The city of Manchester has shown some great resilience in the days following the horrifying attacks on an Ariana Grande concert that left 22 dead. While Britain has been put on higher alert following the attack, the city won’t let itself be beaten by fear or hatred for those who attacked. Aside from opening their hearts to those affected immediately after the attacks, the city has shown unity and latched onto the Oasis hit “Don’t Look Back In Anger” as a rallying cry.
The citizens of Manchester first evoked the song at the vigil that took place shortly after the bombings. It was quite the spontaneous moment that truly spoke volumes about the city, something that was replicated on Saturday night during the first concert in the city since the deadly bombing.
50,000 people singing don’t look back in anger, gave me goosebumps pic.twitter.com/enNUwqC8rR
— Aston (@KingKozak) May 27, 2017
The Courteeners brought plenty of emotion with them to the Emirates Old Trafford Cricket Ground, performing to a sold-out crowd of hometown fans that seemed ready to have a good time. The band closed the show with the Oasis cover, doing the band proud with the help of the 50,000 fans in attendance. But even before the music started playing, the band set the tone for the evening with frontman Liam Fray reading the poem The Bees Still Buzz by Ryan Williams:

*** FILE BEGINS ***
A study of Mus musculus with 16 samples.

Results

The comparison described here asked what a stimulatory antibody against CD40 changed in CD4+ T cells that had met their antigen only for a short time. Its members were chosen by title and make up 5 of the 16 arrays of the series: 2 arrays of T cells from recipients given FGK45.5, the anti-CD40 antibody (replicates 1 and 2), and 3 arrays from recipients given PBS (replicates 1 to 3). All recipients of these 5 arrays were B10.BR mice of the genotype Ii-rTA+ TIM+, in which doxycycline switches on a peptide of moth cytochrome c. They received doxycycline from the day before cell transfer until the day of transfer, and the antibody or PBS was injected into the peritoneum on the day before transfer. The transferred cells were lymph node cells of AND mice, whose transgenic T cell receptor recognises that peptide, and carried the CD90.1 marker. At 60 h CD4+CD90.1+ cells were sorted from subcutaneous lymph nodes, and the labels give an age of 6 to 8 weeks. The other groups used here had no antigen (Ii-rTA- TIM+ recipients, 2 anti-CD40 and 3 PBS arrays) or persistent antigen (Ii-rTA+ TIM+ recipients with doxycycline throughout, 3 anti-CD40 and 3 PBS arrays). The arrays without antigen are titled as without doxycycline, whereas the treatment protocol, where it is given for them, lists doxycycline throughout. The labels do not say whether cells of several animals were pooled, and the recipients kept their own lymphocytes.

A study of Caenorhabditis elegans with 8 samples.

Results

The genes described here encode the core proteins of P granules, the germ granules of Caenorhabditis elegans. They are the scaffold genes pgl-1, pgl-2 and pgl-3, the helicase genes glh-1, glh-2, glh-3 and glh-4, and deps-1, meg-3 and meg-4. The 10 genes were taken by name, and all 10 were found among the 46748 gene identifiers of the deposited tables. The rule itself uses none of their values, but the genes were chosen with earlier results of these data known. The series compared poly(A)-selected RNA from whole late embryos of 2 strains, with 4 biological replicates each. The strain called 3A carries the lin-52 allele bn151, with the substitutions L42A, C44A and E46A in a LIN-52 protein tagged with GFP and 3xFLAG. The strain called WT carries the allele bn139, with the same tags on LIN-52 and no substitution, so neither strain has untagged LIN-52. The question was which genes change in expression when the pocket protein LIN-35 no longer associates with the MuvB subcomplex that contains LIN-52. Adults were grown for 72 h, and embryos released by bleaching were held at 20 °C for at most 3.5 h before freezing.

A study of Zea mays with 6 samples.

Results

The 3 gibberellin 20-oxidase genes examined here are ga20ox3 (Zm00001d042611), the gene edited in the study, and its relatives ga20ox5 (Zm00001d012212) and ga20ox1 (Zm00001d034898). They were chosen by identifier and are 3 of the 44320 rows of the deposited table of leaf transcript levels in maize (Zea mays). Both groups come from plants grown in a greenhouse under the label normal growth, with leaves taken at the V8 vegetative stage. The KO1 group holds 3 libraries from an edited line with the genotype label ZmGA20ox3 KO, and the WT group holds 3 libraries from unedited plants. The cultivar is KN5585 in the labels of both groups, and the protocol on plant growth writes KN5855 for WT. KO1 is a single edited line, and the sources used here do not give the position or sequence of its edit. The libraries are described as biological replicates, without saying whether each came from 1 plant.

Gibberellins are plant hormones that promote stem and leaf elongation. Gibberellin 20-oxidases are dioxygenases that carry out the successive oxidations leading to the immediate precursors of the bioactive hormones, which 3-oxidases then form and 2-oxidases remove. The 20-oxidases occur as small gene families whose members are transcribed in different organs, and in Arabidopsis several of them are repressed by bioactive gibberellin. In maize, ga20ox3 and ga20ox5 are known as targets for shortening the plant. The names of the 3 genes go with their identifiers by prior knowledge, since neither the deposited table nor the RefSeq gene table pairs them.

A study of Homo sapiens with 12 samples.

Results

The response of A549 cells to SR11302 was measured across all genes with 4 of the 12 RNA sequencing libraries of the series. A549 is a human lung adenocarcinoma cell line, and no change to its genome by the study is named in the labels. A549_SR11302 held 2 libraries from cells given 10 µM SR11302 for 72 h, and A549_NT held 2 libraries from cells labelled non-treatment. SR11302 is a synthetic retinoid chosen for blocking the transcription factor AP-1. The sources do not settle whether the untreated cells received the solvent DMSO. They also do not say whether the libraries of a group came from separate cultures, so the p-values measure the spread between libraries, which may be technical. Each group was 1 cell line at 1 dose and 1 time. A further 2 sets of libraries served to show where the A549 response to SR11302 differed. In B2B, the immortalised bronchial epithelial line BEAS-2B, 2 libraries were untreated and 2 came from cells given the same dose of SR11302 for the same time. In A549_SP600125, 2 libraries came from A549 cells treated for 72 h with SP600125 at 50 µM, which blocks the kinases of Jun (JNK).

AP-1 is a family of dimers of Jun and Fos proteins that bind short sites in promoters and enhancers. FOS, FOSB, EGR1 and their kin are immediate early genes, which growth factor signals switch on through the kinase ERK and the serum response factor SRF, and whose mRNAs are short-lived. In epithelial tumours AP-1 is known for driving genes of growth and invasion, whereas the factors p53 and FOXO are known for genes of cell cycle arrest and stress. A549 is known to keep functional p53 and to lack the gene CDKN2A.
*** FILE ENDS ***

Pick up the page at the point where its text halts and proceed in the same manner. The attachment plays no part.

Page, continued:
So, come at us again, and again if you must.
Time after time we’ll rise from the dust.
You’ll never prevail – not against us…
This is Manchester, our MANCHESTER
And the bees still buzz!
The concert was also the first test of any new security measures, with the Old Trafford tweeting out important directions and guidelines for concertgoers before heading out to the stadium. It is clear that lessons were learned from the events at the Manchester Arena and precautions are being taken to avoid another tragic incident.
If anything, Saturday’s concert stands as a message that attacks and terror can’t derail a community of people who support each other. Putting aside differences and making an effort to help instead of hate seems to be working, at least to get the city past what happened.